A Short Guide to Protein

Protein is without a doubt one of the most discussed nutrients we get from food on a daily basis.

There have been many debates and myths surrounding this nutrient, so in this article, my goal will be to tell you more about everything you NEED to know regarding protein.

Is Protein The Most Important Nutrient?

If you look into biology, most of the body is made out of protein, including muscle tissue, enzymes, hormones and others.

Now, when it comes to ESSENTIAL nutrients, there are two of them - Protein & Fats.

Protein and fats provide essential amino & fatty acids, respectively, which the body needs but cannot produce on its own.

This is why a deficiency in those nutrients can lead to unwanted side effects, such as low energy, poor recovery, hormonal function, brain fog, and others.

How Much Protein Do I Need?

I like that this is one of the questions many of my clients have asked. It shows me that they have some understanding of how important Protein is.

The widely recommended protein intake has circled around 1 gram of protein, per pound of body weight, per day.

In other words, if you weigh 180 lbs, you’d need roughly 180 grams of protein per day.

However, this appears to be more relevant for actively training individuals that hold more lean body mass.

In other words, if you don’t really hit the gym very often, you’d need about 0.6-0.8g of protein per lb of bodyweight, to sustain health and optimal functioning.

On the other hand, if you are very active and use your muscles, you’d be closer to 1g of protein per lb of bodyweight.

What Are The Best Sources Of Protein?

First off, you must know not all proteins were made the same!

Proteins are made up of amino acids - There are a total of 20 amino acids and 9 of them are essential.

On top of that, each food provides protein that is digested, absorbed, and retained differently.

Based on the amino acid profile, as well as other properties like the ones we just mentioned, each food can be rated in terms of bioavailability.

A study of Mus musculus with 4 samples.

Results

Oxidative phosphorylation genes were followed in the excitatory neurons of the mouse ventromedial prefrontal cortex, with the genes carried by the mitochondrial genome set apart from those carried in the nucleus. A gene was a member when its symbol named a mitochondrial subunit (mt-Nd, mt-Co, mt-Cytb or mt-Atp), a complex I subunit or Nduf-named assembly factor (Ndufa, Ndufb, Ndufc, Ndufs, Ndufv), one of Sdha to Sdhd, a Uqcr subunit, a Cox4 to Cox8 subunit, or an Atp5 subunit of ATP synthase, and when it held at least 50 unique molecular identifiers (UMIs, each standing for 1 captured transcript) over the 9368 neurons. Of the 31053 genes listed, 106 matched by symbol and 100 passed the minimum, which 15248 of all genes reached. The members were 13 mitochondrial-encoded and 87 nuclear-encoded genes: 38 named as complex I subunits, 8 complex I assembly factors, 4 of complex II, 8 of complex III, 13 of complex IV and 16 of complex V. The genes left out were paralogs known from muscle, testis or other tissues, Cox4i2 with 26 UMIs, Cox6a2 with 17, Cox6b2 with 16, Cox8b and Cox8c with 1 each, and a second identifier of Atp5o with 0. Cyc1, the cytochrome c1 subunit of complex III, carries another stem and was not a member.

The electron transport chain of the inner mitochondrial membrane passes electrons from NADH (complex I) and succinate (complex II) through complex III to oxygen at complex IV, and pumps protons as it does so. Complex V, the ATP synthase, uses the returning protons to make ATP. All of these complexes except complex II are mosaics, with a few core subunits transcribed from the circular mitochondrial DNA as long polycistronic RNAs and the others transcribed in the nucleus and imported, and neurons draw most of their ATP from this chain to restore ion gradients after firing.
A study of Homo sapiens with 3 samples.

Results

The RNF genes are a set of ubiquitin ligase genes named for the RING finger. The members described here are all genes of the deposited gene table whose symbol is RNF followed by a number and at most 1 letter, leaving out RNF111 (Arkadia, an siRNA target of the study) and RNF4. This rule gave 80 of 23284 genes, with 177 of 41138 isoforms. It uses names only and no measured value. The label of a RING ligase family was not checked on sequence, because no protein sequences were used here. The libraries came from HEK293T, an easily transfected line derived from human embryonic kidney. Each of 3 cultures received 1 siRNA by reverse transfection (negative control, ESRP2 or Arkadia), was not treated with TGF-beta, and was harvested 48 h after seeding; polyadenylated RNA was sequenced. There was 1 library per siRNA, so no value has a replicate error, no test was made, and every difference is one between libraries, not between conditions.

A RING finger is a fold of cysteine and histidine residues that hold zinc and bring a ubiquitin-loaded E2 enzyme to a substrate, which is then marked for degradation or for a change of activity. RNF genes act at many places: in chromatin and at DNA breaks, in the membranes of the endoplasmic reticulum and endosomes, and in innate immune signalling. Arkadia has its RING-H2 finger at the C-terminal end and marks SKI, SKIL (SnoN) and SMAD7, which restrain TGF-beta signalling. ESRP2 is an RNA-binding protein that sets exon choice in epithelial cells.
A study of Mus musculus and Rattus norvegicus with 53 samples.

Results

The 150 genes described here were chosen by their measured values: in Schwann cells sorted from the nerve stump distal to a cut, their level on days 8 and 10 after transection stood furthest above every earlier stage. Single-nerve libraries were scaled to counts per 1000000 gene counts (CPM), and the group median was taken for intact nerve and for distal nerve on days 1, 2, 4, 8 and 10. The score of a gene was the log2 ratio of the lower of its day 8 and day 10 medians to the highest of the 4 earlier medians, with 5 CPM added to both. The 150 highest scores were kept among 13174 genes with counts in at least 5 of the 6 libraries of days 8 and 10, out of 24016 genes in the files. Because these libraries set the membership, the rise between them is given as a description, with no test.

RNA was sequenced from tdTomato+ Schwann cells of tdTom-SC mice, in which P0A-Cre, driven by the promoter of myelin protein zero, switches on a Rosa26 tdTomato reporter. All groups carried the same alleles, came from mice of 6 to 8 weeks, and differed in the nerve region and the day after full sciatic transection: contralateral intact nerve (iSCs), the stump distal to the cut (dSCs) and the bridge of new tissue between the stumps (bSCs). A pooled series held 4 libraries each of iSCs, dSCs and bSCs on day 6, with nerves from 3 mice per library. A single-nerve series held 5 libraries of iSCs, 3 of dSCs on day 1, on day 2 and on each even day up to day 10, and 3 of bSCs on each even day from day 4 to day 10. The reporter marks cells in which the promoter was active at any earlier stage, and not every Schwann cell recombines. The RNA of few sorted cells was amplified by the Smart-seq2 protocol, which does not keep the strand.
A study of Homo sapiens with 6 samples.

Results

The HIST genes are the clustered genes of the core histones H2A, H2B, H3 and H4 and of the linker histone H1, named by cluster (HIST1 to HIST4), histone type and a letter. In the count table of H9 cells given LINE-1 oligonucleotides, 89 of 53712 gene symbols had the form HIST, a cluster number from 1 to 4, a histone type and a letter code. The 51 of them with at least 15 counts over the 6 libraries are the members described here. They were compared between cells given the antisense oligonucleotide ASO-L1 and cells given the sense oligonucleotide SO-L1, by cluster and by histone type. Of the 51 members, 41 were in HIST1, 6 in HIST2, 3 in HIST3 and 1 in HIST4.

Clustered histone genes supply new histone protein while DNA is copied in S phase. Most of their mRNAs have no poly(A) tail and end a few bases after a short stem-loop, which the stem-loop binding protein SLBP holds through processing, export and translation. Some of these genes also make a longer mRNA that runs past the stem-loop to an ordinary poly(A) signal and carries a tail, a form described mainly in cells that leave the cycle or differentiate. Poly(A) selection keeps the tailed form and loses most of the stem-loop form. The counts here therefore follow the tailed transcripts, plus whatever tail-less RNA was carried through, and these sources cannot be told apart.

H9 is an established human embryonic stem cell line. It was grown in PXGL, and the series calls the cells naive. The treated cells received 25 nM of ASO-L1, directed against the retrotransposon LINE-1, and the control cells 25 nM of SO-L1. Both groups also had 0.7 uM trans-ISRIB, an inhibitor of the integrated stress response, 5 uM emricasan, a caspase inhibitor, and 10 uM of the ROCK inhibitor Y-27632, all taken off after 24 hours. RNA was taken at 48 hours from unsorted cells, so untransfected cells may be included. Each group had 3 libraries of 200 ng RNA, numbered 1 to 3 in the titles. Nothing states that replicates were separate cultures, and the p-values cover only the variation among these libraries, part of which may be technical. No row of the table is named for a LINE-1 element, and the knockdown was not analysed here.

The bioavailability is a fraction of a nutrient in certain foods, that is absorbed and used.

The things that change the biological value of foods are their chemical form, interactions with other compounds.

Bottom line,

Animal products appear to be of the greatest biological value for the human body!

These are the foods that provide all essential amino acids, along with healthy fats and a multitude of vitamins.

Nevertheless, mass-production of animal products implies unnatural growth, where the animals don’t have enough room to run freely and are fed with processed, low-quality animal foods.

For this reason, I have put up a list of the BEST animal sources of protein:

  1. Grass-fed beef

  2. Wild-caught salmon

  3. Free-range chicken

  4. Pork

  5. Cheese & Other dairy

  6. Eggs

Most of these foods are saturated with quality protein, meaning that you will need just a couple of portions to meet your daily needs!

What If I’m Plant-Based?

-For all my plant-based eaters. I didn't forget about you all. : )

As I mentioned, animal foods are the only products that contain the full set of essential amino acids, along with the greatest bioavailability.

Plant foods, unfortunately, lack one or more essential amino acids and take up a lot of space in the stomach, for little caloric value.

Nevertheless, if you’ve decided to not eat meat, your best bet would be to combine different plant products, in order to compensate for their lacking nutrients.

Here are some of the best plant-based protein sources:

  1. Lentils

  2. Beans

  3. Other legumes

  4. Cashews

  5. Almonds

  6. Edamame

  7. Tahini

  8. Peanut Butter

  9. Peas

  10. Macadamias

In combining those, you will be more inclined towards providing sufficient amounts of protein for your body, on a daily basis!

Protein Timing

I believe you should consume protein with every meal. I know I do. However, we all often struggle with getting the amount we need daily. Even us Trainers, here at Fitt Life, struggle to meet our individual protein goals, so we understand.

With that being said, if you want to further optimize your protein intake and how it’s being used, try timing it to your workouts.

Have a solid protein feeding 2 hours before your workout, and then within 2 hours AFTER the workout.

This will give you a slight boost in terms of the constructive, anabolic processes that happen after the workout.


Protein is a powerful nutrient that keeps us healthy, alive, well and recovered, which is why, you just can’t ignore it!

Place quality, protein-rich products at the core of your daily nutrition and you will see the difference for yourself! Focus on quality-fed meats, along with some dairy and eggs, and if you are a plant-based eater, just stick to grains, legumes, nuts and seeds!